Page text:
Why Agile Software Development is Not Working in Singapore

Why Agile Software Development is Not Working in Singapore

The progressive nature of this country is astounding. So why isn’t agile software development working out here?

First, I would like for you to take a couple of minutes to watch Dave Thomas’ presentation “Agile is Dead”: https://www.youtube.com/watch?v=a-BOSpxYJ9M It will give you an idea of the initial purpose of the Manifesto for Agile Software Development.

You don’t have time to watch the video? Here’s a summary that will give you an idea of what he’s saying:

Agile software development, as it was initially intended, is dead. The word ‘agile” itself was basically transformed from an adjective to a noun, i.e. made into an ‘absolute’ principle, a product, a state to achieve, something concrete to build. Why is that? One obvious reason is money. There are always people looking to profit from a great idea or concept. That being said, it’s rather difficult to sell values or principles, so they turn them into ‘absolutes’, products and services.

But not everyone is in it for the money. Some people actually have good intentions regarding agile software development but still fall prey to the ‘absolute’ principle. Why?

The vast majority of people has difficulty and don’t relate well with ambiguity and intangible items. Since the dawn of civilization, man has invented and created tangible artefacts to relate and communicate feelings, intuitions, values, and principles. Religions are a great example of this phenomenon. They arise from a pure and inherent need of mankind to represent intangibles, values and principles through gods, beings, things, processes or tools.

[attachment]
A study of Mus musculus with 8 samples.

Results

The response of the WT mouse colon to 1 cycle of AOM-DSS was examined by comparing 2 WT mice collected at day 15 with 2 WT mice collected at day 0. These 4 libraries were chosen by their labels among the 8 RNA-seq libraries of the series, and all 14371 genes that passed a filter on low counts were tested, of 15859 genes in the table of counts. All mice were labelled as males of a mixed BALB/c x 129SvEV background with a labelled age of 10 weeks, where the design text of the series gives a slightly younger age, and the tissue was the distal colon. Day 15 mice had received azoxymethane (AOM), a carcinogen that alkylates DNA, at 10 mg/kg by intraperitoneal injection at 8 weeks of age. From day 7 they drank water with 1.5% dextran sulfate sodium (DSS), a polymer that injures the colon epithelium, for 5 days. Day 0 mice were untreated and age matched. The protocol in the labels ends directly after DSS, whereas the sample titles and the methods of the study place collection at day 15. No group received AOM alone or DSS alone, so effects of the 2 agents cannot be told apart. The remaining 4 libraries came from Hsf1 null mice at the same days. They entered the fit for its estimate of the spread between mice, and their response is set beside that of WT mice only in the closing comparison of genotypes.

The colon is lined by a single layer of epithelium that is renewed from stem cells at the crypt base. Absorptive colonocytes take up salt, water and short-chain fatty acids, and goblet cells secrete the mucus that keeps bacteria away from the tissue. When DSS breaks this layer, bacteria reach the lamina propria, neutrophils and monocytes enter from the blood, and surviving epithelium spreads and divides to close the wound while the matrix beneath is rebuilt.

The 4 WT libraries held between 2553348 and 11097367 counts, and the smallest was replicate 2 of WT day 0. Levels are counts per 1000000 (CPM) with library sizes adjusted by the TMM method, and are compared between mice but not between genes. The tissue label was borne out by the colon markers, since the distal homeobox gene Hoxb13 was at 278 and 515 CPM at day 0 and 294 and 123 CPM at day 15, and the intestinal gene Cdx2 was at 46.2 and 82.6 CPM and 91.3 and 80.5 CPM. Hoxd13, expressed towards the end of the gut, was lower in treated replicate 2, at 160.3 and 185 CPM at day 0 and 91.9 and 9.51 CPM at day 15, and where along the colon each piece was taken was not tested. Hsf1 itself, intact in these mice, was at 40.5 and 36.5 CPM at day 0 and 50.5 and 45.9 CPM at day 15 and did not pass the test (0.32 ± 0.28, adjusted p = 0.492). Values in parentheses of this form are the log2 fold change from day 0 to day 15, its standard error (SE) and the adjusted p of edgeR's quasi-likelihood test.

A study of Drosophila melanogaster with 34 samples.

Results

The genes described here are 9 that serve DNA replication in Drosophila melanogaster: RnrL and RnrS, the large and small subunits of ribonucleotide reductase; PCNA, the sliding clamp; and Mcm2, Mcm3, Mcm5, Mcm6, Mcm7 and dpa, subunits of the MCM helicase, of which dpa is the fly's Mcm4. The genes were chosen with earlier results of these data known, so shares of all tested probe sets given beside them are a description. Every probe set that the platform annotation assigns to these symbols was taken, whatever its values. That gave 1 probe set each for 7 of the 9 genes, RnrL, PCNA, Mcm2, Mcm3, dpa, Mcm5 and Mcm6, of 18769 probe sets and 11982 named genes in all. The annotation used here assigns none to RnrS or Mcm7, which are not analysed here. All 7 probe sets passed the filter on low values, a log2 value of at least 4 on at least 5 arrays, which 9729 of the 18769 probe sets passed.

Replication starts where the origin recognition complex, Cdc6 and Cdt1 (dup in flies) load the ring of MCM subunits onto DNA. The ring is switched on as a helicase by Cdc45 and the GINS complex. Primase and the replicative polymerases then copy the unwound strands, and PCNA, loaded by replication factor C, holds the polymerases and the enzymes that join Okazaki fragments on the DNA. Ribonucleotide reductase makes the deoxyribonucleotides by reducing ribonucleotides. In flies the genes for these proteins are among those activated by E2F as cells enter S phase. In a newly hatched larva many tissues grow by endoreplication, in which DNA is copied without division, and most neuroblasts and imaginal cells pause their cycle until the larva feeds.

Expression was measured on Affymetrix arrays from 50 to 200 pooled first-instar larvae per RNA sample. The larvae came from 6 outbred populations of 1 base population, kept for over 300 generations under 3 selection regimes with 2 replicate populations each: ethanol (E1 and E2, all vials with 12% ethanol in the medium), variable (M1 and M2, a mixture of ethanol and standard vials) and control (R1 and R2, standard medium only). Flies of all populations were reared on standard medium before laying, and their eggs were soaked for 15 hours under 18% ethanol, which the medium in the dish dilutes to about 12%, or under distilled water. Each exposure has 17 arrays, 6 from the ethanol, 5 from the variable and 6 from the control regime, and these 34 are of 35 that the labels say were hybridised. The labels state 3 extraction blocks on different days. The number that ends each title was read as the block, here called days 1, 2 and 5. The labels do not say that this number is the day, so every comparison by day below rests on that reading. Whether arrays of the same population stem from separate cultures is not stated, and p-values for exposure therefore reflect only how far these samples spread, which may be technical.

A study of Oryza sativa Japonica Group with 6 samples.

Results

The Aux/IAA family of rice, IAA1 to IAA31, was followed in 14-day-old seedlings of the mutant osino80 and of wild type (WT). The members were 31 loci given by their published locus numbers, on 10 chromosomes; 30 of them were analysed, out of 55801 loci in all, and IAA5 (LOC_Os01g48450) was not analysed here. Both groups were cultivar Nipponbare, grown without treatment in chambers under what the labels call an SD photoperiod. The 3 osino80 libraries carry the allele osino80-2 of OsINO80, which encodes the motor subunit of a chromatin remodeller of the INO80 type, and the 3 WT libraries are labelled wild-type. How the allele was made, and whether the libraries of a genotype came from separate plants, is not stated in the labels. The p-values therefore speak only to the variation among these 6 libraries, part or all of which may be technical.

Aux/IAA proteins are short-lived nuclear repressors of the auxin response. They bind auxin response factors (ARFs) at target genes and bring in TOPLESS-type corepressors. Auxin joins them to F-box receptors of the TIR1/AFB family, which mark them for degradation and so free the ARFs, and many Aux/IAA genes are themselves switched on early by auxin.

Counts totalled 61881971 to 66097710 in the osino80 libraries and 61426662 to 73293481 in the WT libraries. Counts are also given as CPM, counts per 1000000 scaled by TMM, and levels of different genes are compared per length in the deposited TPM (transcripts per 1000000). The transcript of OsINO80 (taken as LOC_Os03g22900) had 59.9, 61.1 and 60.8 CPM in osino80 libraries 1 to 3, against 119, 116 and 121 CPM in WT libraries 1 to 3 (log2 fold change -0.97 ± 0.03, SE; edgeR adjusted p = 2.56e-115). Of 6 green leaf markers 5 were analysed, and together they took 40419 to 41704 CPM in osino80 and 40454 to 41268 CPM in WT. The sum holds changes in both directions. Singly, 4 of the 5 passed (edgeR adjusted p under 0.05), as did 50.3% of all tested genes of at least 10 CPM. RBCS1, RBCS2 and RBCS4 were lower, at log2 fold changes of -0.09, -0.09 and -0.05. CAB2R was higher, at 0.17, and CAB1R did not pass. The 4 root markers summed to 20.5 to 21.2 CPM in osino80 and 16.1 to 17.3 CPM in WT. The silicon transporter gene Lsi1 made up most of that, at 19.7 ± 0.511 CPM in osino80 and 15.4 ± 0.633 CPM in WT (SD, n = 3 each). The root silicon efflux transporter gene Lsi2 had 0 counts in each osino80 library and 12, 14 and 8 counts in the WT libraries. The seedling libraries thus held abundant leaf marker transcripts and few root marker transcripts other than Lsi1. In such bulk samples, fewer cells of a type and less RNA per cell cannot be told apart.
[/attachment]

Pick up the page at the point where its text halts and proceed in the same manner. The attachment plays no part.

Having an agile mindset supposes that an individual is comfortable with complexity, chaos, and the unknown. In fact, I wouldn’t be surprised if most, if not all the original signatories of the manifesto, were agnostic; but I digress…

Ok, back to Singapore:

The education system here has been based on the belief that cognitive capacities and hierarchy are the true elements of the propulsion to success. People in Singapore are admired for what they ‘know’, not how curious or creative they are. This has led to a huge gap in the development of leadership and creativity within individuals.

Singapore’s progressive government has lately acknowledged the lack of attention given to creativity and leadership and has introduced programs to incorporate this into MOE (Ministry Of Education) curriculums. But there is still a huge hill to climb.

Parents are an important factor in the equation. They pressure their children to follow the rules, the process, to become knowledgeable… not to inspect, question and adapt. Because of this, it becomes all too natural that individuals feel the need to have structure, processes and tools, to have something tangible to relate to.

The extent to which people need to view things as absolutes here is overwhelming; especially in the way they talk. In Singapore, “You must…” is a very common way to start a sentence, leaving little or no space for creativity or other perspectives.

I often ask development teams and managers: “What would an agile software development team or process in your organization look like if Scrum, XP, Lean, SAFe and the other frameworks did not exist?” A sense of uneasiness immediately sets in and they become uncomfortable.

Agility requires a certain level of comfort with chaos and unknowingness and also an acceptance that what is known may just not be the truth.

As Dave Thomas puts it, people get trapped in the “what” and “how” and all too often forget about the “why”.

The good news is that Singapore has evolved technically and culturally faster than any other country in the last 50 years, a very short time span considering their starting point. It’s actually quite a paradox when you think about it. Why would they even want to be agile after having accomplished what so few countries have accomplished?

So at this point I feel compelled to question, inspect and adapt my initial statement:

Agile software development is not working in Singapore’s organizations.

This begs to ask the following question:

“With such a great example in a country that has adapted itself and become a world leader in so many domains, why are organizations looking to adopt agile software development?”